Preparing Electronics In Storage For Humid Months


Preparing Electronics In Storage For Humid Months

24 May 2017
 Categories: , Blog

If you need to put away a few electronics such as video game consoles, entertainment systems, computers, or office equipment, the hotter and more humid months are a risk that require serious planning. Corrosion and rust are just two problems to keep an eye out for, and there are a lot of storage facility features that can mitigate most of the risks for you. Here are a few of those risks, along with actions that you and your chosen storage facility can take to keep your belongings safe.

Humidity, Corrosion, And Rust

Electronics may have a lot of sleek plastics or seemingly rust-free metals on the outside, but most electronics have a few fragile core components. Electrical traces made of copper or gold, gold pins, and iron alloy components are protected from most outside dangers as long as the devices are kept in a safe environment.

A little bit of humidity while operating isn't a huge risk. Households and businesses in the American southeast and many coastal areas operate computers and video game consoles without suffering catastrophes in humid situations, and assuming the devices aren't directly in the rain, it's not a big deal. Sure, there's faster wear and tear, but the heat from the devices and moving air from cooling systems makes the risk less of a problem.

Devices left in storage are a different problem. Humidity can enter the system and water can collect, leading to corrosion or rust of critical components. Unless you're a skilled electrician or technician, you're not likely to take the device down to the component level--let alone the board level--to look for any damage.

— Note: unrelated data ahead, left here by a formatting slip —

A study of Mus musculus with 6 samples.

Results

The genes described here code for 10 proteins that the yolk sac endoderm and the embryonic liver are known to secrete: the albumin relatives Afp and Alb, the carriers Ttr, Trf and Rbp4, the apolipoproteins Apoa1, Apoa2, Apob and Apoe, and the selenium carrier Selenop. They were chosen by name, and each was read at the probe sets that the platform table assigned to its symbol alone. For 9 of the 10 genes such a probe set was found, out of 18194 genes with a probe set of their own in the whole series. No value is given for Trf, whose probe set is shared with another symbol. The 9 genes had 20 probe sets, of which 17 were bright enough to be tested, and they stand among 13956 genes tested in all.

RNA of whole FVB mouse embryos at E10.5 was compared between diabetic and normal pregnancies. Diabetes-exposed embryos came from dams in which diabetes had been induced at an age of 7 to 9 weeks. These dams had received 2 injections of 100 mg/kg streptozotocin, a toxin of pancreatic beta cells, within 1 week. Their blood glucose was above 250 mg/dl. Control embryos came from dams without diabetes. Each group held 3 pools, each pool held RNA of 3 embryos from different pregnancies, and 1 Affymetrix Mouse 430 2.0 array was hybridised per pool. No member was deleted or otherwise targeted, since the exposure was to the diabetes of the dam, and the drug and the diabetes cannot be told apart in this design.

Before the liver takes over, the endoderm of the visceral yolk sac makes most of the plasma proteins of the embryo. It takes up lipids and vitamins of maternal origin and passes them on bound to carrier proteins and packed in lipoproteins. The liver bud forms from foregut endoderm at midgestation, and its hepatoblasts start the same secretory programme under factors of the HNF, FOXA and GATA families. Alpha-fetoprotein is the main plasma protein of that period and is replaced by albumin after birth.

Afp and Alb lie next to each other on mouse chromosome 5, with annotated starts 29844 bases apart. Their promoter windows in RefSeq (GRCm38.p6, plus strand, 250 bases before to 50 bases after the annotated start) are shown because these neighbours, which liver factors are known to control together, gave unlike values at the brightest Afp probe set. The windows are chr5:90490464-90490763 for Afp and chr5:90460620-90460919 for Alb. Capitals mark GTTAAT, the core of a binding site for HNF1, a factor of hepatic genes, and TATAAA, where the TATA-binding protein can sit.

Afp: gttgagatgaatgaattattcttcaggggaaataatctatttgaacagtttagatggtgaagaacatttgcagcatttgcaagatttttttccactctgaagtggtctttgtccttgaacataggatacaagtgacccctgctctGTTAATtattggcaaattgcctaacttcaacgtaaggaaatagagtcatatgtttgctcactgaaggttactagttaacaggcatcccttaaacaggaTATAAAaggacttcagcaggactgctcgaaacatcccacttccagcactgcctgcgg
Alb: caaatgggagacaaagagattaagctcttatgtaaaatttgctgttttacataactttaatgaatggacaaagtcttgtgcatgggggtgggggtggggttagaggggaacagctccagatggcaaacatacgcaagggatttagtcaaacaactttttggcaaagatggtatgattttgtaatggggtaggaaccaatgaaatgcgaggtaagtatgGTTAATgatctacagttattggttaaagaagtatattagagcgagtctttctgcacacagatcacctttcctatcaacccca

As corrosion makes electrical traces and components more brittle, the heat created from simply operating the device can lead to a burnout that either completely damages the trace or causes greater damage for the rest of the system.

Protecting Against Humidity With Simple Solutions

The easiest option is to use a self storage company that has at least air conditioning. A side effect of air conditioning in an enclosed area is that the air becomes more dry and moves around a lot more, meaning that humidity will be significantly reduced. What little humidity there is won't be able to settle anywhere in a meaningful, harmful way unless water somehow directly gets into the air conditioning system.

A step up would be searching for self storage units with installed dehumidifiers, or bringing your own dehumidifier to a facility that has electrical outlets available for customers. Finally, try to keep your electronics in boxes that have rubber or silicon seals. They don't need to be perfectly airtight, but it can reduce the humidity that enters the box and your electronics.

Contact a self storage company, like AA All American Airborne Self-Storage, to discuss available features and other forms of protection for your electronics.